Some of the U.K.’s most prominent voices in animation discussed the state of the industry – especially amid the pandemic – during a session at Annecy today.

Camilla Deakin, the managing director of Lupus Films, Colin Williams, founder and creative director of Sixteen South and animation consultant Julian Scott were joined by the CEO of Jellyfish Pictures, Philip Dobree, the director of exploration and discovery at Wild Child Animation, Ken Anderson, and the BFI’s director of industry and international affairs, Neil Peplow. The panel was produced by the British Film Commission.

While the pandemic understandably has created a lot of challenges for the industry – from being able to attend markets around the world to working collaboratively in a room with colleagues – it has, for the animation industry, brought some unexpected benefits.

Deakin noted that connecting digitally meant that the streamers, for example, had more time to speak with animators. “You can have really in-depth conversations,” she said. “And I think it has made them feel more comfortable about commissioning from outside the U.S., which has worked to our benefit.”

“I also think that because everybody’s been at home watching television or streaming content, they really need the content that stands out,” Deakin added.

Williams found that although it was easier to get in front of buyers, however, decisions weren’t necessarily being made at a faster pace. “In those first few months of the pandemic, I felt like everything was happening and it was so much easier and faster to get real quality time with buyers and broadcasters,” he said. “And that was wonderful. But what I think it has shown for us is that while you can get to talk to people, decisions aren’t necessarily made faster.”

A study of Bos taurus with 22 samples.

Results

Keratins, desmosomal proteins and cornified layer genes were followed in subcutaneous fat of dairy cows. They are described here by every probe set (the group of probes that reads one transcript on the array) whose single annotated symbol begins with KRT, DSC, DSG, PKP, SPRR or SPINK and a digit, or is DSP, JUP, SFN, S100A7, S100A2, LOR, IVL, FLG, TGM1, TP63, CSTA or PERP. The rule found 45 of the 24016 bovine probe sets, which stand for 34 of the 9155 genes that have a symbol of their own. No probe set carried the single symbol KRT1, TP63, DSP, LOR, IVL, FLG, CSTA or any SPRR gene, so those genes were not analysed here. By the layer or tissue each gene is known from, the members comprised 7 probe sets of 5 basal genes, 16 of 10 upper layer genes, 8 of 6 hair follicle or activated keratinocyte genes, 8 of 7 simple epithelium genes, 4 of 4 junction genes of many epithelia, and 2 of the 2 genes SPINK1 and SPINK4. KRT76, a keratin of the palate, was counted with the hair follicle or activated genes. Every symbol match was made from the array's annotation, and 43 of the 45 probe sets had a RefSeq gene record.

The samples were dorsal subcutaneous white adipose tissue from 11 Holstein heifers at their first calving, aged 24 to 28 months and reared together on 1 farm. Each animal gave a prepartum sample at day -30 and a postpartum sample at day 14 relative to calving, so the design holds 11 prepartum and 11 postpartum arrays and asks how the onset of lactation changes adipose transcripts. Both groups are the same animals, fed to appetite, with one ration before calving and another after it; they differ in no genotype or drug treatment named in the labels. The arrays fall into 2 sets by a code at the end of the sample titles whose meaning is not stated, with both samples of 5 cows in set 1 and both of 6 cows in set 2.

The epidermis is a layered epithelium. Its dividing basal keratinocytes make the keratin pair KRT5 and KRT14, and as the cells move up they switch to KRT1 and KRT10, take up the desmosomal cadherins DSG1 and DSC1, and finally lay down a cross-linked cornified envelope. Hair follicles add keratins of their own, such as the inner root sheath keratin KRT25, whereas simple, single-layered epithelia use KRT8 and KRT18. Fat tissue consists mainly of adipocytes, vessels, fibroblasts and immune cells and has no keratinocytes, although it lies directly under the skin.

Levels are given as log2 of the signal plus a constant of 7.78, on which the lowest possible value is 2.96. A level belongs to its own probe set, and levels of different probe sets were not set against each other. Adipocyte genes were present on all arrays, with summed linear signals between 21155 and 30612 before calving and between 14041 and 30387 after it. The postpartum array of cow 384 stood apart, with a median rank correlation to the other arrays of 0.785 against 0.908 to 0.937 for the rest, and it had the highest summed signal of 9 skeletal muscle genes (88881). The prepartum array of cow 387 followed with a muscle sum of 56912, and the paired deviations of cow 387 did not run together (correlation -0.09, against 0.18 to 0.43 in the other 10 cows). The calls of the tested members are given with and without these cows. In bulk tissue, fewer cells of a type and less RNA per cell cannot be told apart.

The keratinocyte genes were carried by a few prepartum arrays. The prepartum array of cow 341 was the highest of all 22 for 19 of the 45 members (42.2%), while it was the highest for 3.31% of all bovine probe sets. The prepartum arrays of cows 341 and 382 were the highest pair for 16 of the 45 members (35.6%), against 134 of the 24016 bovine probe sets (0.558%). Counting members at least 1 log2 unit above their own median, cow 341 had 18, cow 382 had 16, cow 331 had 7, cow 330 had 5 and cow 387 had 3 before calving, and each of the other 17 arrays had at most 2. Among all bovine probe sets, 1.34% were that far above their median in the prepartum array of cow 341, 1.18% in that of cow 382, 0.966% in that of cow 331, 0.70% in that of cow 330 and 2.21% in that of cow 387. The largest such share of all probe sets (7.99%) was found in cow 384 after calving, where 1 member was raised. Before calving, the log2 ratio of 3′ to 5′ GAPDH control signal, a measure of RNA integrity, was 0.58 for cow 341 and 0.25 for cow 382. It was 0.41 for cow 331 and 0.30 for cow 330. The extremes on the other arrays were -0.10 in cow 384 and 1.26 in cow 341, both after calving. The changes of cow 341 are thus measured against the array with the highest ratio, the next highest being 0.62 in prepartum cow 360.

The discussion also touched on the practicalities of animation, with Anderson pointing out that service work can be more profitable than developing IP. “I think the reality for any producer and a studio, I should say, is service work,” he said. “It’s a real risk to relying solely on your own content because of the vagaries of the domestic and international marketplace.”

And despite the fact that Anderson pointed out that many producers had pivoted to animation because live-action content had been stymied during the initial stages of the pandemic, there was also a discussion of how animation is often considered an afterthought when compared with live action.

“It’s a struggle to persuade financiers to put money into adult animation,” Deakin admitted. “There’s still this misconception that animation is a genre. It’s not, it’s a technique. We can tell stories like anyone else can, it’s just as valid as live action drama. And we’re always slightly the poor relation. You know, if you go to award ceremonies or try to raise money for your films, if it’s aimed at an adult audience, you know, somehow they’re always trying to push you into the kids  or the family category.”